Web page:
Aboriginal and Torres Strait Islander viewers are warned that this website contains images of deceased persons.

Federal Statistican Knibbs, 1919

David Low

ink and gouache on paper (sheet: 33.8 cm x 17.5 cm)

Sir George Knibbs CBE (1858-1929), statistician, was born into a working-class Sydney family and nothing is known of his early education. He joined the public service in 1877 and was licensed as a surveyor the following year. In 1881 he joined the Royal Society of New South Wales; he edited its journal for nine years, and was its president in the late 1890s. Over that decade he lectured in various topics in the engineering school of Sydney University and in 1905 he became acting professor of physics there. At the same time, he was appointed NSW's superintendent of technical education. In 1906 Knibbs was appointed first Commonwealth Statistician, directing the work of the newly-established Commonwealth Bureau of Census and Statistics. The first Commonwealth Year Book was issued in 1908, and 1911 was the year of the first Commonwealth census. In addition to his involvement in Australian statistical, insurance, tax and other commissions, Knibbs travelled widely overseas in the course of his career, attending many congresses and becoming a member of many international societies; to take but two examples, he represented Australia at the double income tax and war profits conference in London in 1919 and was vice president of the International Eugenics Congress in New York in 1921. That year, he resigned as Commonwealth Statistician to become director of the new Commonwealth Institute of Science and Industry, a position he held until 1926. A knighthood was added to his various Australian and international scientific and statistical honours in 1923. Amongst Knibbs's many publications is The Shadow of the World's Future or the Earth's Population Possibilities, published in London in 1928.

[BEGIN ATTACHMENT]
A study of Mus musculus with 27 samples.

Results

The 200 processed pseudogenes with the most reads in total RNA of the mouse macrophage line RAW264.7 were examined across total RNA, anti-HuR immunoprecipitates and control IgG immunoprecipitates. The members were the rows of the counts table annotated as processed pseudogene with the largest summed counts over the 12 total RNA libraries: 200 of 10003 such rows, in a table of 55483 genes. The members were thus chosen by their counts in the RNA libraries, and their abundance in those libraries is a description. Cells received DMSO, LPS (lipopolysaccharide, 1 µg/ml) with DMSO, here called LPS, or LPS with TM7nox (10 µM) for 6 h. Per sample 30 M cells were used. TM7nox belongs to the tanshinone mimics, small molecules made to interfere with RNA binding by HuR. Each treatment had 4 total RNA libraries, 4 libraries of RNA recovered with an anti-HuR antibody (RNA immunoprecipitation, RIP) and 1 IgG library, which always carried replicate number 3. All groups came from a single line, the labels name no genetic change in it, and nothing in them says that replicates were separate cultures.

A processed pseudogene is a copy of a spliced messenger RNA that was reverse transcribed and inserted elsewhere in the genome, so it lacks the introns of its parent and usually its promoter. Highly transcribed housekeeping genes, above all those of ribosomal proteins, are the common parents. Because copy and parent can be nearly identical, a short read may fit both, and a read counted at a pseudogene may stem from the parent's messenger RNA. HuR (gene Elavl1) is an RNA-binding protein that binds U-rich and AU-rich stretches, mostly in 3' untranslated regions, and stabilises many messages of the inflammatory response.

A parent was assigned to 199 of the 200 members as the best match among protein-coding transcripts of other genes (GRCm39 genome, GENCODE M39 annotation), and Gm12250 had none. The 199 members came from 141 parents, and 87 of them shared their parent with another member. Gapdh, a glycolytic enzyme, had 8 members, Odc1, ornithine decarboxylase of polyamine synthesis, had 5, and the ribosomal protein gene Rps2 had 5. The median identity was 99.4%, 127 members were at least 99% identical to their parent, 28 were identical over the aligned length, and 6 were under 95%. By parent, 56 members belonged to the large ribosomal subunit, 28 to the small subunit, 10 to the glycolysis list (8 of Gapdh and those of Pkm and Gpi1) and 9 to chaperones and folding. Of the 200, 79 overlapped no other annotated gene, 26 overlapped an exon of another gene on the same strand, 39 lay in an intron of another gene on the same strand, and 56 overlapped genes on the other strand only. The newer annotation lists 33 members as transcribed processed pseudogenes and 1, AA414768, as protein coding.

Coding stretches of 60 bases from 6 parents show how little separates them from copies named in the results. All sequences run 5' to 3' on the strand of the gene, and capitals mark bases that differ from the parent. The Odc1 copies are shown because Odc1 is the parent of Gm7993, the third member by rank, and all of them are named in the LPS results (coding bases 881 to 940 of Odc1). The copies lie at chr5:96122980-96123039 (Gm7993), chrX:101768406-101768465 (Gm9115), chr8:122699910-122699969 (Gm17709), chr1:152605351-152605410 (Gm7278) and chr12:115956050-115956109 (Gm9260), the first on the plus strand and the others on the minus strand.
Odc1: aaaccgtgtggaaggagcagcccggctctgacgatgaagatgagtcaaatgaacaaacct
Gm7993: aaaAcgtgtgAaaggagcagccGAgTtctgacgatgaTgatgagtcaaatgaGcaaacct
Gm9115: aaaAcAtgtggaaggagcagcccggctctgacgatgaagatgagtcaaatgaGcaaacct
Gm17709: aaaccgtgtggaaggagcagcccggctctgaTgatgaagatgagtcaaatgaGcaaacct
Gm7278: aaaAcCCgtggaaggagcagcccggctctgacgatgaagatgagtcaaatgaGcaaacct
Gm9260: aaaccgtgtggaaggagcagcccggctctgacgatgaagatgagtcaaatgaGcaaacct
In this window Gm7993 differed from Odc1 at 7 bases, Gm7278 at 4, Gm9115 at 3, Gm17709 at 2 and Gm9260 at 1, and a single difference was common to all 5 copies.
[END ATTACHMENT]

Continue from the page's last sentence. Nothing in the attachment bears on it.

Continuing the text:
Collection: National Portrait Gallery
Purchased 2011

Accession number: 2011.57

Currently not on display


David Low (age 28 in 1919)

Sir George Knibbs CBE (age 61 in 1919)

Subject professions

Science and technology

Federal Statistican Knibbs, 1919 David Low
Federal Statistican Knibbs, 1919 David Low
Federal Statistican Knibbs, 1919 David Low

The numbers man

Magazine article by Dr Sarah Engledow, 2011

Dr. Sarah Engledow tells the story of Australia's first Federal statistician, Sir George Knibbs.


Aboriginal and Torres Strait Islander viewers are warned that this website contains images of deceased persons.